Interviews conducted at the Association des Cheminots Retraitées, Section de Kayes (Kayes, Monday, March 16 and Wednesday, March 18, 1992)

Notes © 1999 by Jim Jones, Ph.D.


I met with a number of the officers and members of the retired railwaymen's association in Kayes at 9am. The participants were Mahmadou Köita, Président du Section (born in 1921 in Kayes); Mahmadou Gueye, Sécretaire Général du Section (born in 1931 in Samé-Oulof); Hussein Diallo (born in 1920 in Samé- Oulof), a M. Traore who was born in 1926 in Kayes; Abdullah Kamara (born in 1927 in Kayes), a M. Koné who was born in 1926 in Kayes; and a M. Diawara, the Secrétaire Administrative du Section, who came in late to the interview.

I opened with a question about their recollections of the 1947-1948 strike.

Köita: I was stationed at Kayes as a Chef de District. I was also assigned to Senegal (at another point in his career). Until independence, there was a single railroad administration from Dakar to Koulikoro.

Jones: Was that true for the rest of you?

GROUP: They answered "yes" in unison, and then each man mentioned his specific assignment. One was at Ambidédi and later at Kayes-Plateau, another was at Thiès and later at Guinguineo; another said that he was also assigned to Guinguineo.

Why did so many men serve in Thiès?

Köita: Thiès was the center of railroad operaitons, along with Toukouto. We did eeverything there [in Thiès]-- welding, parts fabrication, tool-making . . . [He seemed proud that the railroad was independent of French imports.]

The tape ran out here. From memory, Köita did most of the talking. After independence, the two national railroads were created and the Malians had to produce their own material. It was difficult, and Köita was proud of what the Malians had accomplished. He mentioned the 1964 inspection of the Chemind e Fer de l'AOF by Bosc claimed that Bosc called the Malian railroad the best.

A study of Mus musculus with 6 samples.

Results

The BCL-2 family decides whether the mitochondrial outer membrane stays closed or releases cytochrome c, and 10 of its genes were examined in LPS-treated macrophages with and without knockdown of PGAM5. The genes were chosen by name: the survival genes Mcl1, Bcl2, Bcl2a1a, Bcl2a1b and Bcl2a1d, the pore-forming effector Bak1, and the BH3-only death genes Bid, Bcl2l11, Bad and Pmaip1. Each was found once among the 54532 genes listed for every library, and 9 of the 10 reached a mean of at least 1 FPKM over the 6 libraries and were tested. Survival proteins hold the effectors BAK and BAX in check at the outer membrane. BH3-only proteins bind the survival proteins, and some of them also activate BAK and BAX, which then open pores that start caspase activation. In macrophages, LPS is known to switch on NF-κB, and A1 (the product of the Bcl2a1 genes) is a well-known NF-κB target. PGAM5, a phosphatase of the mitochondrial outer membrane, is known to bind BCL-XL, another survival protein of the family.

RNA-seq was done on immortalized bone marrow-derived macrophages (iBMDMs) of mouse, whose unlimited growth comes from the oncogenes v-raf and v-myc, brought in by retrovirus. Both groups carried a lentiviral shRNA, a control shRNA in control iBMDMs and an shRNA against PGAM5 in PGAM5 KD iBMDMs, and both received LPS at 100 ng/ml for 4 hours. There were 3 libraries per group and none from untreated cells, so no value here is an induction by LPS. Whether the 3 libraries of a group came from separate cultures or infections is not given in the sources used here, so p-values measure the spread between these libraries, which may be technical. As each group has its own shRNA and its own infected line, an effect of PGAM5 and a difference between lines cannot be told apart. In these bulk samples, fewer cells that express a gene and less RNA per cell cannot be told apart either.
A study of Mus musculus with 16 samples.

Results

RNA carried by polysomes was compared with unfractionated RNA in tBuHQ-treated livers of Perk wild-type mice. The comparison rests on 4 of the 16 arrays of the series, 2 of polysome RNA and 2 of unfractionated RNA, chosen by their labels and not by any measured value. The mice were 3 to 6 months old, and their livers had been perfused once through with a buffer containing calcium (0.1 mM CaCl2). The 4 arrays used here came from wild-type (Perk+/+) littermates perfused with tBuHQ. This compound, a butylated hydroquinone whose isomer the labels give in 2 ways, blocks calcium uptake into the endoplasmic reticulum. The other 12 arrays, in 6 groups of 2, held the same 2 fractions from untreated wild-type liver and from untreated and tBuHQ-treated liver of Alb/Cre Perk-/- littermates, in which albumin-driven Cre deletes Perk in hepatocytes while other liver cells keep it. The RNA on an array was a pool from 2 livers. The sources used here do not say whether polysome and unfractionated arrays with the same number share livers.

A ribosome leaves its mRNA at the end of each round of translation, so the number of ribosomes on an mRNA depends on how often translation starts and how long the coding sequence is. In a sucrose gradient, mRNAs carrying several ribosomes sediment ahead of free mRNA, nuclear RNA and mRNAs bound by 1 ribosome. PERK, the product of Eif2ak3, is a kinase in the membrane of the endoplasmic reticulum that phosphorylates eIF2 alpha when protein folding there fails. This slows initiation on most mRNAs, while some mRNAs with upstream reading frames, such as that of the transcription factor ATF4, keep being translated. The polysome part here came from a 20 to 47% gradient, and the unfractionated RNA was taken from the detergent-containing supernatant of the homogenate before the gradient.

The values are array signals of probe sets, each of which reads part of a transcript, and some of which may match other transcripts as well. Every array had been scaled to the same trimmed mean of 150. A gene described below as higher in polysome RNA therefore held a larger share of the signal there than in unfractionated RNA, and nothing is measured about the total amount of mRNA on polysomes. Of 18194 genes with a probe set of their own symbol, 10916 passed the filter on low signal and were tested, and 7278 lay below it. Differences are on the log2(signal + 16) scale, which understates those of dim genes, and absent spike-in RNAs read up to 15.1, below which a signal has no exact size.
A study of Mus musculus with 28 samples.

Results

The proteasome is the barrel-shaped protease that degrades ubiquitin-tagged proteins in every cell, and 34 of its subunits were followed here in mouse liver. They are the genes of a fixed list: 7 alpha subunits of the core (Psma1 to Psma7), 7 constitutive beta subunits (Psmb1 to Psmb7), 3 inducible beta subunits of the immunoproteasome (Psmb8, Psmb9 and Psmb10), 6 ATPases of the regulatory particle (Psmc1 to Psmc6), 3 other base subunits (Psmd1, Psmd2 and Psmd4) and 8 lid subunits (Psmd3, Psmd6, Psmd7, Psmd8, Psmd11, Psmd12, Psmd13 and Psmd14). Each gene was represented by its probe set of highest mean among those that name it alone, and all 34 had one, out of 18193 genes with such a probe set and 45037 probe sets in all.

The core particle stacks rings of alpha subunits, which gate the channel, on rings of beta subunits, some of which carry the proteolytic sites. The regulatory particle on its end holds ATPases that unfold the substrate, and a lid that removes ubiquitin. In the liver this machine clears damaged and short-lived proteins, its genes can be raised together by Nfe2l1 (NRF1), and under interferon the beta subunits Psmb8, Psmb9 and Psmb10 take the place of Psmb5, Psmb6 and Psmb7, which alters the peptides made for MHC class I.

Concerning the switch to diesels, Köita said that the work became easier. They didn't need to cut wood any more or look for alternative fuels, such as peanut shells. Cheminots became technicians rather than laborers, because the work was less physical and diesels required a knowledge of electricity and motors. Retraining took place at Toukoto with the help of Europeans (he distinguished between Europeans and the French). He wouldn't say how many Europeans took part or how long they stayed, because it was variable.

The consensus of the group was that the railroad had a great impact on the Niger River people - everything was imported by rail and the railroad used workers liberated from Samory.

Second interview conducted at the Association des Cheminots Retraitées, Section de Kayes (Kayes, Monday, March 18, 1992)

I returned to the meeting hall of the retired railwaymen's association in Kayes on March 18 and spoke with three other members: Mahmadou Gueye; Kelou Coulibaly, who identified himself as a former Agent technique and Secrétaire administrative du section; and a man named Diawarra. I did not record this interview, but took these notes afterwards:

There was a major flood in Kayes in 1936 and in 1958 (in addition to the floods in my notes for 1890 and 1906.

The station at Kayes-Ville was closed in 1952.

"Pousse-pousses" (hand carts used to move goods around town) are owned by local merchants and licensed by the city government. They are operated by employees of the merchants to carry merchandise from the railroad station to the town. When asked if the pousse-pousse operators were railroad employees, the reply was that the hand carts were "materiel personnel. Il travaillent a leur compte" (personnel property. They work for themselves.)

None of the men interviewed came from railroad families. Kelou Coulibaly started work with the railroad in 1940 after taking a professional training course. He became an agent technique and even visited the United States in 1973 in order to learn more about General Motors diesel electric engines that were delivered to Régie du Chemin de Fer du Mali.

Diawara joined the railroad in 1948 and worked in the Section de Voie et Batiments as a tracklayer. His father was a merchant.

Mahmadou Gueye joined the railroad in 1941 and worked as a "pointeur" in the Section de Santé.

These men provuided the following definitions for railroad jobs. A planton was an office boy. A frappeur was the man who swung the hammer to drive spikes on the track-laying crew. A coupeur was a metal worker in the railroad shops. A visiteur was someone who inspected rolling stock after each run for damage. An aiguiller was a switchman.

In 1973, the Régie du Chemin de Fer du Mali received two locomotives manufactured by General Motors. They were C-C configuration (0-3-3-0) and painted light green. (They are still operating.) In 1987, the railroad received 10 more.